Steam and gas engine group marks 43 years
ESCANABA — The U.P. Steam and Gas Engine Association has been a staple in the community for 43 years. It started with a few guys gathering together with their farm equipment. They decided to bring the machines together and show them to the community, demonstrating how each machine worked.
“It just grew from there,” said Skip Dufour, president of the association, “The U.P. State Fair Authority gave us a permanent site on the fairgrounds. That has helped greatly. Without them this would be very difficult.”
One of the association’s biggest events is the annual U.P. Steam and Gas Engine Show on Labor Day weekend.
From a few guys, the show has grown into a display of machines and equipment that consumes the fairgrounds every Labor Day weekend. The 2018 show features the theme “Orphans, Oddballs and Garden Tractors.”
“These are low production tractors, you don’t see a lot of because they’re from companies that went into business and got out quickly,” said Dufour. “The machines could have been experimental…you never quite know what you’re gonna get.”
The fairgrounds will be bustling this weekend with demonstrations, the largest Upper Peninsula indoor/outdoor flea market, food vendors, an antique auto show, gun and knife show, an auction, parades, tractor pulls and tractor games.
A complimentary tractor trolley will make stops through the weekend at the event. The stops for the trolley are the ticket gate, the exhibition area, the flea market and the Antique Village.
Nestled in the south end of the fairgrounds is an acre and a half called the Antique Village. This is the place the U.P. Steam and Gas Association calls home.
The Antique Village celebrates a simpler age and surrounds visitors with an environment that takes them to the 19th century. There are many shops where artisans demonstrate their skills and sell their wares. Working displays include black-smithing, carving, glassblowing, pottery, sewing, spinning and weaving.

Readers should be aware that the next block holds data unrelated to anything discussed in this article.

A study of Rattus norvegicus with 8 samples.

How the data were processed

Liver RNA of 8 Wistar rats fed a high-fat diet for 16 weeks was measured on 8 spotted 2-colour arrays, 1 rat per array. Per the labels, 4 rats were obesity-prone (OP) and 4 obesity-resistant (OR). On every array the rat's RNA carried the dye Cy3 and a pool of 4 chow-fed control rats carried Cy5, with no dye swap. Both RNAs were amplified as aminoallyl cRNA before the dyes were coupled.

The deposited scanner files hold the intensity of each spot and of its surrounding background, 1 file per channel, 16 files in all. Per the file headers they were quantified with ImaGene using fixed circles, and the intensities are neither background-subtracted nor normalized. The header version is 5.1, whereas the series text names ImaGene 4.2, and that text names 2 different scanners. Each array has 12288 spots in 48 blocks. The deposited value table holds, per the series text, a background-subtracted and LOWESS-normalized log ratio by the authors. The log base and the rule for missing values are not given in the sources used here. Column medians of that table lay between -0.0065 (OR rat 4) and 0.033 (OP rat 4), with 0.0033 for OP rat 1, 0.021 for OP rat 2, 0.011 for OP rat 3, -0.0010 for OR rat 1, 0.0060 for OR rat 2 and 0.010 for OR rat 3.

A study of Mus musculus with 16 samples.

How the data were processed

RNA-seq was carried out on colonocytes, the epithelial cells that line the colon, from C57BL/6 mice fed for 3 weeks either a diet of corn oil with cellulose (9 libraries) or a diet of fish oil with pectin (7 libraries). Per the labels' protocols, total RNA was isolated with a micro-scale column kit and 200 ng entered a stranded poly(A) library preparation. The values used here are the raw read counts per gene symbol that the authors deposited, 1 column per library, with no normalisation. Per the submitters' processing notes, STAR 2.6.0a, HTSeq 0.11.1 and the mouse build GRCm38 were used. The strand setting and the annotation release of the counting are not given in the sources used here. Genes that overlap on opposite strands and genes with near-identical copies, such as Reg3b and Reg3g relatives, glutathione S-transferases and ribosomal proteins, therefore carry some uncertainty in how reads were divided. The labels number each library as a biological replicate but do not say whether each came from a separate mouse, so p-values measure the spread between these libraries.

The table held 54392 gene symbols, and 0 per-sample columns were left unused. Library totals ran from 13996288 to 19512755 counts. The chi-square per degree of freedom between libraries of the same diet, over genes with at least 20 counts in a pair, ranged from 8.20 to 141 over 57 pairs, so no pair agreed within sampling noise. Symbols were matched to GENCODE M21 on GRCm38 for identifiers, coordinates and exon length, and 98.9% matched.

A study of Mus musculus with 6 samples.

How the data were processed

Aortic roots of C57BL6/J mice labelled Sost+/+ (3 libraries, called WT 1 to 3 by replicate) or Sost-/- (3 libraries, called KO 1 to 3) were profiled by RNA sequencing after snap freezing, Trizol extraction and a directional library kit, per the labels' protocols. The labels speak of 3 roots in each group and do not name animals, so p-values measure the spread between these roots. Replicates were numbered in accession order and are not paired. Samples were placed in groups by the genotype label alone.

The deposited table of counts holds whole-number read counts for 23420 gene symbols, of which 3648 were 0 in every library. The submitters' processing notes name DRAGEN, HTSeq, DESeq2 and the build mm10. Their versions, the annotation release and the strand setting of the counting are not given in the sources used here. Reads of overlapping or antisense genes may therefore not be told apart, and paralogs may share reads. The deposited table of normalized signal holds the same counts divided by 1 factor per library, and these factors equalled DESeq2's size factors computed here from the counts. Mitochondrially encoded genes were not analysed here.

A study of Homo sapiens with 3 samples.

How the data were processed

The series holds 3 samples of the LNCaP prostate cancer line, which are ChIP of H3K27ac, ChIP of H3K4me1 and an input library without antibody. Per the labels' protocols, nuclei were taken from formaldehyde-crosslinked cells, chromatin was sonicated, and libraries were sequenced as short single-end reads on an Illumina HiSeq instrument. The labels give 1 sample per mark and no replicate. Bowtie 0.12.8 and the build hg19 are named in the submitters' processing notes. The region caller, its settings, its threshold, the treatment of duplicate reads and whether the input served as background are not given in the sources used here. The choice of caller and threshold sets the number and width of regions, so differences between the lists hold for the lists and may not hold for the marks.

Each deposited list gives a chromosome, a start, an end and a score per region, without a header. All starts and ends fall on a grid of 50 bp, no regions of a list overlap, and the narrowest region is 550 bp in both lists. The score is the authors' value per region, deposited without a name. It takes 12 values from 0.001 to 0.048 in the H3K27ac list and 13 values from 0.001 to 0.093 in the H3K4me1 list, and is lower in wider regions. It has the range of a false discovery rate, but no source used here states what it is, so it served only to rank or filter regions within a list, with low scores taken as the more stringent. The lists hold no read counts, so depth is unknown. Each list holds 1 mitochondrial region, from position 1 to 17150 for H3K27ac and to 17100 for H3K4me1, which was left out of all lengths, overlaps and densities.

The carving shop displays hand-carved animals and birds, wood-turnings and handmade leather works. Rug looming, quilting and handmade jewelry will be found in the community hall.
Each day at the village during the show a vintage saw mill, shingle mill and planing mill will be in operation.
There are rock drilling demonstrations at the village rock shop, history of communication at the telegraph office and at the Railroad Depot The Upper Michigan Central Model Railroad Club demonstrates the diverse aspects of model railroading.
Friday through Monday a Fairbanks-Morse diesel engine will crank-up at 2 p.m. to demonstrate the workings of the engine. This 80 ton engine once powered a tugboat and was capable of producing 3,000 hp at 200 revolutions per minute.
The garden and arranged flower displays through the village have been tended to by some members of the U.P. Steam and Gas Engine Association through the summer.
The village has a reproduction of a 1905 classroom and a nondenominational chapel, which has been in service for one year now. Sunday, Sept. 2 at 9 a.m., there will be a community worship service in the chapel.
“As of this Friday, we’ve had six weddings this year,” said Dufour, “that says it’s doing well.”
In 1986, the association built a permanent Agricultural Museum in the village that holds a mix of artifacts and antique equipment.
When the show closes on Monday, the Antique Village and the Agricultural Museum will continue their Summer in the Village season, through Sept. 15. on Tuesday and Thursday every week from 1 to 4 p.m. The Agricultural Museum is open by appointment through Oct. 31.
There is an admission fee to the U.P. Steam and Gas Engine Show. Exhibitors and children under 14 may enter free. The show is open Friday through Sunday from 9 a.m. to 5 p.m.. and 9 a.m. to 4 p.m. on Labor Day.